With all the rain and standing water left in Nashville many of us are preparing for a busier and itchier mosquito season. In the past, I’ve tried to stick to simple tricks like staying indoors at dusk, the most active time for many mosquitoes, wearing light weight, long-sleeve clothing and avoiding scented lotions. It’s worked pretty well and we haven’t had to use mosquito repellents very often.
This year, I think we’re going to require a little extra help warding off the mosquitoes, but I’m not comfortable using traditional DEET based repellents. DEET is a powerful insecticide found in over 400 insect repellents. It can peel paint and melt plastic. According to studies, 56% of DEET applied to the skin enters the bloodstream so it’s really not worth the risk even for the occassional use for me.
This year I’m going the natural route and it’s really not that hard. The main goal is to cover up the scent of carbon dioxide that our bodies give off. Mosquitoes are attracted to the smell and use it to find food sources.
Make your own or try one from the list of natural options below. Remember, while DEET free repellents do work they also require more frequent application – approximately every 2 hours.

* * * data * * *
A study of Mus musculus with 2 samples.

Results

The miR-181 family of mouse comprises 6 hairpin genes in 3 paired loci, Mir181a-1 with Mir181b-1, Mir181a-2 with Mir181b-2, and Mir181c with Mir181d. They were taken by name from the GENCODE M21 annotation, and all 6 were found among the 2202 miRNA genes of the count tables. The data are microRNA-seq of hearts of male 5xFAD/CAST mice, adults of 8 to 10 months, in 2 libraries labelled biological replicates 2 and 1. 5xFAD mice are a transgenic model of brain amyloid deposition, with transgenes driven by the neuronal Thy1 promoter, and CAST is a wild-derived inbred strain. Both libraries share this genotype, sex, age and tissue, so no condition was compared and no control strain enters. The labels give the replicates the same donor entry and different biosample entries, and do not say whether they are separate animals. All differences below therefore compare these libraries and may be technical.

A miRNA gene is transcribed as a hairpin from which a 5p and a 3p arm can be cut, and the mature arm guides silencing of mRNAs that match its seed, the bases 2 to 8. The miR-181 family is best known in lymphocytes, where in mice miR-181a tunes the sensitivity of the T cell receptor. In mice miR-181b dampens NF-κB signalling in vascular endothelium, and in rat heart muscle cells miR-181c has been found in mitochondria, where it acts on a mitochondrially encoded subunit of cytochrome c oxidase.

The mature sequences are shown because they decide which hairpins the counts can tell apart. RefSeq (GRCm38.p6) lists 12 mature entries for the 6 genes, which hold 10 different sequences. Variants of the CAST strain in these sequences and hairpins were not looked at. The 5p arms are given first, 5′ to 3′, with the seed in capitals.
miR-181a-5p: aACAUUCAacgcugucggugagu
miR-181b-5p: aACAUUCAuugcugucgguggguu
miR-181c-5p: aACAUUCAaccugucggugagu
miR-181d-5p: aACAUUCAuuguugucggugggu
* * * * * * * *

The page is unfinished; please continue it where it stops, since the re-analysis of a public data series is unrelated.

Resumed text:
Make Your Own:
Essential oils can naturally repel mosquitoes. Mixing scents is the most effective, but oils can be potent and may cause skin irritation in kids and those with sensitive skin. Testing the mix on a small area first is a good idea.
Try mixing 2 tablespoons of olive oil with no more than 15-25 drops of 2-3 of the following oils. You can purchase these locally at stores like By The Brooke.
My Picks for Natural Repellents:
Burt’s Bees Herbal Insect Repellent
Bubble & Bee 100% Organic Insect Repellent
California Baby Natural Bug Repellent Bug Spray
Aubrey Organics Bug Repellent
Badger Balm Anti-Bug Push-U[
Kiss My Face Fly Swatter
Bite Blocker Herbal Wipes
For maximum protection, mix multiple methods and try a few of the following to limit the mosquito population in your yard and protect against bites without lotions or sprays.
Plant marigolds in your yard. They give off a smell that mosquitoes don’t like.
Wear light colored clothing
Going outside after a workout or sitting next to a fire or candle could result in more bites because mosquitoes are attracted to carbon dioxide.
Avoid floral fragrances including perfumes, lotions and detergents or fabric softeners.
Using multiple methods of protection is the most effective.
Have you tried natural repellents? Did they work for you? Please share your reviews.